In the present chapter, we shall examine the question whether the above definition of cardinal numbers in any way presupposes some more fundamental sense of number. There are several ways in which this may be supposed to be the case. In the first place, the individuals which compose classes seem to be each in some sense *one*, and it might be thought that a one-one relation could not be defined without introducing the number 1. In the second place, it may very well be questioned whether a class which has only one term can be distinguished from that one term. And in the third place, it may be held that the notion of *class* presupposes number in a sense different from that above defined: it may be maintained that classes arise from the addition of individuals, as indicated by the wrod *and*, and that the logical addition of classes is subsequent to this addition of individuals. These questions demand a new inquiry into the meaning of *one* and of *class*, and here, I hope, we shall find ourselves aided by the theories set forth in Part I.(§ 125 ¶ 1)

As regards the fact that any individual or term is in some sense *one*, this is of course undeniable. But it does not follow that the notion of *one* is presupposed when individuals are spoken of: it may be, on the contrary, that the notion of term or individual is the fundamental one, from which that of *one* is derived. This view was adopted in Part I, and there seems no reason to reject it. And as for one-one relations, they are defined by means of identity, without any mention of *one*, as follows: `R` is a one-one relation if, when `x` and `x′` have the relation `R` to `y`, and `x` has the relation `R` to `y` and `y′`, then `x` and `x′` are identical, and so are `y` and `y′`. It is true that here `x`, `y`, `x′`, `y′` are each *one* term, but this is not (it would seem) in any way presupposed in the definition. This disposes (pending a new inquiry into the nature of classes) of the first of the above objections.(§ 125 ¶ 2)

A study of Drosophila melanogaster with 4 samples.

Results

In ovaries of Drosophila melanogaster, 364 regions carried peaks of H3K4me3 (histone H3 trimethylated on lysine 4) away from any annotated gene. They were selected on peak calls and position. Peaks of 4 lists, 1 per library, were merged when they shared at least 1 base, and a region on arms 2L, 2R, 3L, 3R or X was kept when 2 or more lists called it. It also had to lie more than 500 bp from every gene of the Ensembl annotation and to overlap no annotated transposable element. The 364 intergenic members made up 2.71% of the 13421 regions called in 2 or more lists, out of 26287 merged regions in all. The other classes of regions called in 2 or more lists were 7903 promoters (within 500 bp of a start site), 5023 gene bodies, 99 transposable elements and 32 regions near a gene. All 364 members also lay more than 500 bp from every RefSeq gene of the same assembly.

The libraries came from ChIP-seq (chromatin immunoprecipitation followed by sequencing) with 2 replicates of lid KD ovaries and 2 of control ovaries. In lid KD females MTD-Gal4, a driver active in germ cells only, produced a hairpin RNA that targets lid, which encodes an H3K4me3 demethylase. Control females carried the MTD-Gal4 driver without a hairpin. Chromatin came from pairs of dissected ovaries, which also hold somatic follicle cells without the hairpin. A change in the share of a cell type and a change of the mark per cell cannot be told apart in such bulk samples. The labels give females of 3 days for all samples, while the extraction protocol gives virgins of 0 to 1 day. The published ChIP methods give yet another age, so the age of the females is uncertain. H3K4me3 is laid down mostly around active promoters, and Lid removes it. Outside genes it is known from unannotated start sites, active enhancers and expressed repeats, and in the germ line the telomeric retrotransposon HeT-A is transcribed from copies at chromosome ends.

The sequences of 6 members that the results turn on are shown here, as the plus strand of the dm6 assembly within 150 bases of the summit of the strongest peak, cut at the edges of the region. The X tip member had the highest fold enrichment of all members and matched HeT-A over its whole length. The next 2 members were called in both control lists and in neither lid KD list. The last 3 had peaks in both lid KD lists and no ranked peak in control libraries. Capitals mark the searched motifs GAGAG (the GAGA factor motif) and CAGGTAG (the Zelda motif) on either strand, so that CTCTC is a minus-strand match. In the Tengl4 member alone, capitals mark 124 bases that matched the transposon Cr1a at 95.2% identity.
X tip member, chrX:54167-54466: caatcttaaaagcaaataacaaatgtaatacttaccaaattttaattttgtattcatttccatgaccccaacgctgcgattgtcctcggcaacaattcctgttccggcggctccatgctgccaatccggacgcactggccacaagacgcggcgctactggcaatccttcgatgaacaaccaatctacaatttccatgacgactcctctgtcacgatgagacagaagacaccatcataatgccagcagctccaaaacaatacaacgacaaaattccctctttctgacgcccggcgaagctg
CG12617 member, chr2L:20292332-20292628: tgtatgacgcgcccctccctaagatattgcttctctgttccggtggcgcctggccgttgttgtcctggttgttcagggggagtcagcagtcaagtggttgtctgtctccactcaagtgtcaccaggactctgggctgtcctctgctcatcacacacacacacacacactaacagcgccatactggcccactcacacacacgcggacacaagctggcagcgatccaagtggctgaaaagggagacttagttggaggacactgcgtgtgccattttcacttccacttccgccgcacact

The next question is as to the distinction between a class containing only one member, and the one member which it contains. If we could identify a class with its defining predicate or class-concept, no difficulty would arise on this point. When a certain predicate attaches to one and only one term, it is plain that that term is not identical with the predicate in question. But if two predicates attach to precisely the same terms, we should say that, although the predicates are different, the classes which they define are identical, i.e. there is only one class which both define. If, for example, all featherless bipeds are men, and all men are featherless bipeds, the classes *men* and *featherless bipeds* are identical, though *man* differs from *featherless biped*. This shows that a class cannot be identified with its class-concept or defining predicate. There might seem to be nothing left except the actual terms, so that when there is only one term, that term would have to be identical with the class. Yet for many formal reasons this view cannot give the meaning of the symbols which stand for classes in symbolic logic. For example, consider the class of numbers which, added to 3, give 5. This is a class containing no terms except the number 2. But we can say that 2 is a member of this class, i.e. it has to the class that peculiar indefinable relation which terms have to the classes they belong to. This seems to indicate that the class is different from the one term. The point is a prominent one in Peano's Symbolic Logic, and is connected with his distinction between the relation of an individual to its class and the relation of a class to another in which it is contained. Thus the class of numbers which, added to 3, give 5, is contained in the class of numbers, but is not a number; whereas 2 is a number, but is not a class contained in the class of numbers. To identify the two relations which Peano distinguishes is to cause havoc in the theory of infinity, and to destroy the formal precision of many arguments and definitions. It seems, in fact, indubitable that Peano's distinction is just, and that some way must be found of discriminating a term from a class containing that term only.(§ 125 ¶ 3)

The Principles of Mathematics was written by Bertrand Russell, and published in in 1903. It is now available in the Public Domain.